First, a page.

Fish – One Of The Worst Coaches I’ve Ever Played For

idiskiadmin
January 17, 2022

Former Bafana Bafana defender Mark Fish has reminisced about winning the 1996 Africa Cup of Nations, and pin pointed where he feels the national team went wrong in the years that followed.

The former Orlando Pirates, Lazio, Charlton and Bolton Wanderers defender was a key member of Bafana in the nineties, and has great memories of lifting the 1996 trophy during the era that Nelson Mandela was president of South Africa.

Now 47, Fish has high praise for Clive Barker, who led the team to the 1996 triumph, but has less than kind words for Philippe Troussier, who was brought in to take the team to the 1998 World Cup in France.

“What we had achieved, for the nation, was more than just football,” Fish told Planetfootball

“It fed into Mandela’s idea of Madiba magic. He wanted to bring the country together through sports and he certainly achieved that.”

But Fish was disappointed South Africa couldn’t build from that, and he feels it all started when SAFA chose to replace Barker.

“Unfortunately, it’s always about ’96 and what we achieved,” he continued.

“(Barker) was everything you could want from a national team coach and was a lot more tactically aware than most people gave him credit for.

“Clive motivated us and made it feel like we could lead any team in the world and we certainly gave our utmost for him on the field. 

“He was a father figure and that led to us being like a family of warriors on the field, we all looked out for each other.”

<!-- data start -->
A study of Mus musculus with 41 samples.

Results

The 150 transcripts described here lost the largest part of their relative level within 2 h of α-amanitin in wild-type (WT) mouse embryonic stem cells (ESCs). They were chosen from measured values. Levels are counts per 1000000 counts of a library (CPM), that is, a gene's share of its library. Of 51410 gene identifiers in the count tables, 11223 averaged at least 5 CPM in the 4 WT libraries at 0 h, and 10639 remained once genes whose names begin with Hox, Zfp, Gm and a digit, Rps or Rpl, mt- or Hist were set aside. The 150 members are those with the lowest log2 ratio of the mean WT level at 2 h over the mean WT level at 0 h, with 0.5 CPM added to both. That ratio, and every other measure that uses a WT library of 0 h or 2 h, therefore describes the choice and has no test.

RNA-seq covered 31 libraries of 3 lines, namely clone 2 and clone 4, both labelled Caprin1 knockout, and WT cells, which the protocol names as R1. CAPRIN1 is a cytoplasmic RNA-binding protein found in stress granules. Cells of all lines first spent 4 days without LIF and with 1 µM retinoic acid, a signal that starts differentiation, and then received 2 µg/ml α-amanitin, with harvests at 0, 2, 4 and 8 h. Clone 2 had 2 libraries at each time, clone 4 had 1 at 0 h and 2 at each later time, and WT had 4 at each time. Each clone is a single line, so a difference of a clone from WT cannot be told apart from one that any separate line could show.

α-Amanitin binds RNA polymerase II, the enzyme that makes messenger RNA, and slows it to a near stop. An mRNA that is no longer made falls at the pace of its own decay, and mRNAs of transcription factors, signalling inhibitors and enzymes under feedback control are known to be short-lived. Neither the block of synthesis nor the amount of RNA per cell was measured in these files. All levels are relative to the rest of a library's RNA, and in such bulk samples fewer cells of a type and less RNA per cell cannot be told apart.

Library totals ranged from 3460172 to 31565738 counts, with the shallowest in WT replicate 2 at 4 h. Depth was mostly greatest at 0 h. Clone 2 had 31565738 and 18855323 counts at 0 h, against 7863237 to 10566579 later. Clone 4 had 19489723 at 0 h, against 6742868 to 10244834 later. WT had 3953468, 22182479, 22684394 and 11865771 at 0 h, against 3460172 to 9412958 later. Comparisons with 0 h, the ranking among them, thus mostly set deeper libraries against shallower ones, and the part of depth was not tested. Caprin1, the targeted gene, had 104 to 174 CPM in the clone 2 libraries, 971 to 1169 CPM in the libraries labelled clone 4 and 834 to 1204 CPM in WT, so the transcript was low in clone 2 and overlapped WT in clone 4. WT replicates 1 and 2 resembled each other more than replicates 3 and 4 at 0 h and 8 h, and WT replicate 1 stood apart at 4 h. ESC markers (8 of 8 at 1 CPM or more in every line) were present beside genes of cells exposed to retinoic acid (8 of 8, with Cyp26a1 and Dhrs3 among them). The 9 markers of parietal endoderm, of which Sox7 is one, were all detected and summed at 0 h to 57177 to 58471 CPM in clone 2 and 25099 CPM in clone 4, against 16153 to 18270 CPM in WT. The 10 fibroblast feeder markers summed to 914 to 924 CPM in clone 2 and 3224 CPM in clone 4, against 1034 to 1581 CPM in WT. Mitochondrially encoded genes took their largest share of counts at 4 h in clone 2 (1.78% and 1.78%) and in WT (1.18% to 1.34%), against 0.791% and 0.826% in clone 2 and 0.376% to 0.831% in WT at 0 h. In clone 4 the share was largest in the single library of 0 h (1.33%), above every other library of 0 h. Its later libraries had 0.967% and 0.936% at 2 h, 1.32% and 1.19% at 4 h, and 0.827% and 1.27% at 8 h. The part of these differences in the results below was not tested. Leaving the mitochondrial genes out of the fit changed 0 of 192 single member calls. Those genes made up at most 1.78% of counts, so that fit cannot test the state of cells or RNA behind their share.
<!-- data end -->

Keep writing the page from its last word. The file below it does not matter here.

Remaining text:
Barker resigned in 1997, and Jomo Sono took over the interim at the 1998 Afcon, where Bafana were losing finalists.  But SAFA brought in Troussier for the 1998 World Cup.

“The federation decided they needed a foreign coach and put in Troussier who, for me, was one of the worst coaches I’ve ever played for,” he said.

“I’ve nothing against him, personally, it was just the way he treated players and how he looked at play.

“If we had had Clive, a local coach who knew the players, I think we would have done a bit better at that World Cup. Clive resigning had a big impact on South Africa as a footballing country.”

And it has been a disappointing story since, as the highs of the nineties seem distant memories.

“We’re playing catch-up to the rest of the continent at the moment,” Fish added.

“Because we were hiring and firing coaches there’s been no real national team development. 

“Whether it’s from the president of the federation or within the federation with the players and coaches, ex-players and coaches, we need to work towards a common goal and make the team the pride of the nation again.”